China's halt of Ant IPO 'necessary': state media

Chinese state media sounded off on Wednesday (November 4) after Beijing hit the brakes on what was expected to be the biggest stock market debut in history.

Ant Group was set for a $37 billion dollar listing.

A digital payment company spun off from tech titan Alibaba, it was due to sell shares in Shanghai and Hong Kong this week but China dramatically blocked the listing at the last minute.

'Necessary, reasonable, and legal,' was the assessment of the move by one expert in a top Chinese state-backed newspaper on Wednesday.

Ant has built an empire connecting borrowers and lenders, handing out short-term loans within minutes thanks to an AI-powered system.

In recent years, there's been more public discussions in China about tech firms moving into the financial space, with worries over fair competition and data privacy.

The IPO was put on ice after a meeting between Ant's billionaire founder Jack Ma and China's financial regulators.

Reuters sources say Ma and his top executives were told their online lending business would face tighter scrutiny.

At an event last month attended by Chinese regulators, Ma disparaged global financial regulation.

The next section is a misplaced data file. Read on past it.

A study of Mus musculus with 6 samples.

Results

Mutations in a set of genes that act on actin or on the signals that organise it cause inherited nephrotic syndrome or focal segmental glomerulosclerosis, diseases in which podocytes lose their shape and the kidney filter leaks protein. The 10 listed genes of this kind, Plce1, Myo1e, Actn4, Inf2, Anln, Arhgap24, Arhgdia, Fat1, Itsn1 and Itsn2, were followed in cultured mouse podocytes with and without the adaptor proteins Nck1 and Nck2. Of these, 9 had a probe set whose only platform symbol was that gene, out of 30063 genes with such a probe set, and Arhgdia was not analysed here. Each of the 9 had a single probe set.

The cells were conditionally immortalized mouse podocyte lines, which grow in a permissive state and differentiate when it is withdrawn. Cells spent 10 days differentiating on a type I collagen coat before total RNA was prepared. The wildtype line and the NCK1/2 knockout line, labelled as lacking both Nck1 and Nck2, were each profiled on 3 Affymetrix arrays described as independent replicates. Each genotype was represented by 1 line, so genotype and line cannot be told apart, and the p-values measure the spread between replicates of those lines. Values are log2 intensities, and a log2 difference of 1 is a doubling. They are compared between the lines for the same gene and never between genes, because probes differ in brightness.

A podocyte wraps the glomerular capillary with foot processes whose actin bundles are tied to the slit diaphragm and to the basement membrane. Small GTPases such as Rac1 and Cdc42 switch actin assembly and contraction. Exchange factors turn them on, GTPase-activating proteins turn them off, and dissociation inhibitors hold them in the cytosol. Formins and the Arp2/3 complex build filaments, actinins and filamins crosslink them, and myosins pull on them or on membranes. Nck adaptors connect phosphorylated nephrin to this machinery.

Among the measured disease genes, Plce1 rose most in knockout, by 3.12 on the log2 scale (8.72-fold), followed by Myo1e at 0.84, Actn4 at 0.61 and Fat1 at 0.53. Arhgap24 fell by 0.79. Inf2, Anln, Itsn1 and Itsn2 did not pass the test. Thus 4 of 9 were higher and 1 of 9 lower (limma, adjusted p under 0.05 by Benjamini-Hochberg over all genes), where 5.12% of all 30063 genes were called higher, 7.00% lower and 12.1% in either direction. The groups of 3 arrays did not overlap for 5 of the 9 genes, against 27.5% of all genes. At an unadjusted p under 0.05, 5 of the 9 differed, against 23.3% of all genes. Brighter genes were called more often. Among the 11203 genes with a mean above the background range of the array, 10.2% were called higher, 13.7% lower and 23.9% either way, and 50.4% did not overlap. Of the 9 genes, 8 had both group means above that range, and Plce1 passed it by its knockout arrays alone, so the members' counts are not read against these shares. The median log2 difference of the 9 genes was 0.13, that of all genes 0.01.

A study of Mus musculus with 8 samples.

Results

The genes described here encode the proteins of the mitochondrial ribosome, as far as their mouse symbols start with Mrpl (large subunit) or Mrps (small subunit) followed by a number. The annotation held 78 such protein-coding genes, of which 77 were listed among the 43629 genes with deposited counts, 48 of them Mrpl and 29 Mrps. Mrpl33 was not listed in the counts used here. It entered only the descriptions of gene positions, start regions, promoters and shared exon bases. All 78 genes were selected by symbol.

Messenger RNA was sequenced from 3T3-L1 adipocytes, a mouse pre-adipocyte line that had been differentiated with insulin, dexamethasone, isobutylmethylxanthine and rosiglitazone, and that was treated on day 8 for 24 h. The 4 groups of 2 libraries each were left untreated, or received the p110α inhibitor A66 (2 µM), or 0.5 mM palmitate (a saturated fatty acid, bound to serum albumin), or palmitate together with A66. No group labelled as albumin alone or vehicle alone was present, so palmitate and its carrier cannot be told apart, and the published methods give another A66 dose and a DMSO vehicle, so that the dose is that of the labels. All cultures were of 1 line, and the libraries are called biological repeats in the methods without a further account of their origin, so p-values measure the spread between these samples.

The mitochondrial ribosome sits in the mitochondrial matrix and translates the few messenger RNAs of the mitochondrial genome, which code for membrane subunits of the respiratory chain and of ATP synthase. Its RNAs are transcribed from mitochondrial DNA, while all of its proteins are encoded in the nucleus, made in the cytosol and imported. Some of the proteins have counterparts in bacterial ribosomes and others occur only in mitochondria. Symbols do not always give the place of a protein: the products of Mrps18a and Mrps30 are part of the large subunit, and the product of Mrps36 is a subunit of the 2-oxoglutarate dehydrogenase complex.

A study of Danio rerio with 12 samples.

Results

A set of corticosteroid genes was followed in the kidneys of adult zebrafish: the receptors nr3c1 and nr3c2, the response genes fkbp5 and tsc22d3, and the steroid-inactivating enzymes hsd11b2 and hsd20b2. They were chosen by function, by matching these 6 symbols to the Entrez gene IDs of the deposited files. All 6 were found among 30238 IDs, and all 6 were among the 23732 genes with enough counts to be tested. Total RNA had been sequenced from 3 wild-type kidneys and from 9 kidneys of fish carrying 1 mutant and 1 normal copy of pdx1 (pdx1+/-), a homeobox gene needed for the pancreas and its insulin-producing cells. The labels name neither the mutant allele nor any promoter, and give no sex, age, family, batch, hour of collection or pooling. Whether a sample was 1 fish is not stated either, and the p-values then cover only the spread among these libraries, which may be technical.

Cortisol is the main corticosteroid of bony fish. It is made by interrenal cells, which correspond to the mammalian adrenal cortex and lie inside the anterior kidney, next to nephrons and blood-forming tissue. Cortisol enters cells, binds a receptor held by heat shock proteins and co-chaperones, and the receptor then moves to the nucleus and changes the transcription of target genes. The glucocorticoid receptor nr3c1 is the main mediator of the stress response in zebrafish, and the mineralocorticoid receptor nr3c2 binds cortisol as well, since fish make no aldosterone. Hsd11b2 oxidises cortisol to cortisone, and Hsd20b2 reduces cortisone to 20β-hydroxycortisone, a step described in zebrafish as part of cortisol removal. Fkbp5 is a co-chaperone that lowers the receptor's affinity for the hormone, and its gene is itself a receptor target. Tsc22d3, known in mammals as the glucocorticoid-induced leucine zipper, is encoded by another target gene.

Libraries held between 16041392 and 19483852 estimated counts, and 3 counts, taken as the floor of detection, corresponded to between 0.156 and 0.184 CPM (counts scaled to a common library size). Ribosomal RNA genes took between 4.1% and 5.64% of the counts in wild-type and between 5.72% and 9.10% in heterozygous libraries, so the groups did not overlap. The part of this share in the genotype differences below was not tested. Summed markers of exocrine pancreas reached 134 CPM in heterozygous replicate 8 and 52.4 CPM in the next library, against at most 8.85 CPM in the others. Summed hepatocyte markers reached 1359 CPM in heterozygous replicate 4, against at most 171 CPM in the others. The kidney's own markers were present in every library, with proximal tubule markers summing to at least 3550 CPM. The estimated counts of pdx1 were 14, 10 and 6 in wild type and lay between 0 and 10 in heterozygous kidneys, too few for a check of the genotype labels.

A person with knowledge of the matter told Reuters that Ant believes Ma's public criticism put him in officials' crosshairs.

The Executive Director of Kinston Financial Group, Dickie Wong, said on Wednesday the case was a reminder of Beijing's influence over Chinese companies.

"Now we have to calculate those regulation risks. Because when Chinese officials say, you cannot do this, or you cannot do that, definitely you cannot do, so this is a risk we have to recalculate."

The topic 'Ant Group's IPO suspended' was the top trending topic on China's Twitter-like Weibo Wednesday with more than half a million discussions.

Some said that while regulators had closed one eye to Ant's rapid growth in the past, its IPO meant they no longer could, since the company's risks would shift toward shareholders and the public.

Ant has apologised to investors and pledged to work closely with regulators.